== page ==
City addressing Naples Bay speed zone ruling

Tristan Spinski/Staff
Capt. Mike Bailey and his 8-year-old Labradoodle, Maggie, sit for a portrait as they cruise through Naples Bay on his boat 'Ms. B. Haven' in March 2012. Bailey, of Naples and owner of a fishing and eco tour charter company, purposely broke the speed limit to get a citation so he could challenge the legal validity of the speed zone in the southern section of Naples Bay - a speed zone the second-generation charter fishing captain said has no legal, practical, environmental or safety basis, and has cost him precious time and money while running his business over the years.

Tristan Spinski/Staff Capt. Mike Bailey and his 8-year-old Labradoodle, Maggie, sit for a portrait as they cruise through Naples Bay on his boat "Ms. B. Haven" in March 2012. Bailey, of Naples and owner of a fishing and eco tour charter company, purposely broke the speed limit to get a citation so he could challenge the legal validity of the speed zone in the southern section of Naples Bay - a speed zone the second-generation charter fishing captain said has no legal, practical, environmental or safety basis, and has cost him precious time and money while running his business over the years.

City attorneys are preparing an appeal and city workers are digging out the reflective tape in the wake of a judge's order tossing out the city's weekend and holiday slow speed zones on Naples Bay.

County Judge Michael Provost sided with two charter boat captains last month who challenged tickets they received after they purposely violated the controversial speed zones in April.

In a letter this week to the Florida Fish and Wildlife Conservation Commission, City Manager Bill Moss notified the agency's boating and waterways section of the city's intention to appeal the court decision.

In the meantime, Moss wrote, the city will not enforce the weekend and holiday speed zones and will use reflective tape to cover up parts of the speed zone signs that refer to the weekend and holiday zones.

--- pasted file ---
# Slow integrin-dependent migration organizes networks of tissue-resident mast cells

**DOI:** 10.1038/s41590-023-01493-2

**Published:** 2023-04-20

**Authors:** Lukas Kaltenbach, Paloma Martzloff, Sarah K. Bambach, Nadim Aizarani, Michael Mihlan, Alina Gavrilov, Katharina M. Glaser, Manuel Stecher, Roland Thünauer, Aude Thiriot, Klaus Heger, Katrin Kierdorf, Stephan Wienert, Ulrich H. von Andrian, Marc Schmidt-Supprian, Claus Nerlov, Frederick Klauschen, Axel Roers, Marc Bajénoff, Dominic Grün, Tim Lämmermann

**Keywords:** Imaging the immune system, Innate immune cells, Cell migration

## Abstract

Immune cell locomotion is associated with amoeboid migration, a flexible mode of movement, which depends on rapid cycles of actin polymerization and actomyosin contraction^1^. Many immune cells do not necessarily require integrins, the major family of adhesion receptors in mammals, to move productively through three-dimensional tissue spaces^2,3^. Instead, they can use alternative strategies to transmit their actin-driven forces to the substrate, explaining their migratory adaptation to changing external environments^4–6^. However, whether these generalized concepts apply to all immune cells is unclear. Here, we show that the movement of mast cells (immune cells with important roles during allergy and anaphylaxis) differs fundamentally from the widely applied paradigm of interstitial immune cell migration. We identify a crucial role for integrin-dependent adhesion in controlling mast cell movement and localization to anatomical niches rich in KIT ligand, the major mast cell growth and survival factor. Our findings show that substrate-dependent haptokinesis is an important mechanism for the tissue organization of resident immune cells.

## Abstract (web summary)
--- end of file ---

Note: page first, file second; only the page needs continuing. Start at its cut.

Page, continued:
The state's manatee protection speed zones will remain in effect on Naples Bay, and officers still have the authority to cite boaters for reckless or careless operation of a vessel.

In parts of the bay not controlled by slow or idle speed zones, boaters can travel up to 30 mph in the channel. Slow speed is required outside the channel.

The city's moves flustered speed zone opponents, who have called on the FWC to require the city to remove the slow-speed zone signs altogether in the face of the court ruling and have urged Naples City Council to drop the legal fight over the zones.

"It's crazy," said Capt. Mike Bailey, one of the charter boat captains who challenged his speeding ticket. "They don't stand a chance of winning this thing and they're just throwing money at it."

Provost ruled that the city's 1994 speed zone law had been repealed by a 2004 law that sought to expand the zones. Speed zone opponents successfully challenged a Conservation Commission permit to mark the expanded zones, and they never went into effect. City attorneys argued that the 1994 law had been revived.

Naples Mayor John Sorey said Tuesday he gave attorneys the go-ahead to file standard paperwork to preserve the city's right to appeal the court order until the City Council can reconvene in August to discuss how far to take the appeal.

"I thought we needed to keep our options open," Sorey said.

Councilman Sam Saad said he favored the appeal to a three-judge Circuit Court panel: "I don't think we should be pushed around by a few people who don't want to follow the rules," he said.

The legal defense aside, Saad said he wanted the City Council to take a closer look at whether the embattled slow-speed zones are necessary for boater safety.

On Tuesday, Moss received an email from FWC's boating and waterways planner Ryan Moreau signing off on the city's plan to tape over the city's speed zone signs. Moss said he hopes to have the signs covered up by this weekend.

"More permanent changes may be required based upon the outcome of your appeal," Moreau wrote to Moss in an email.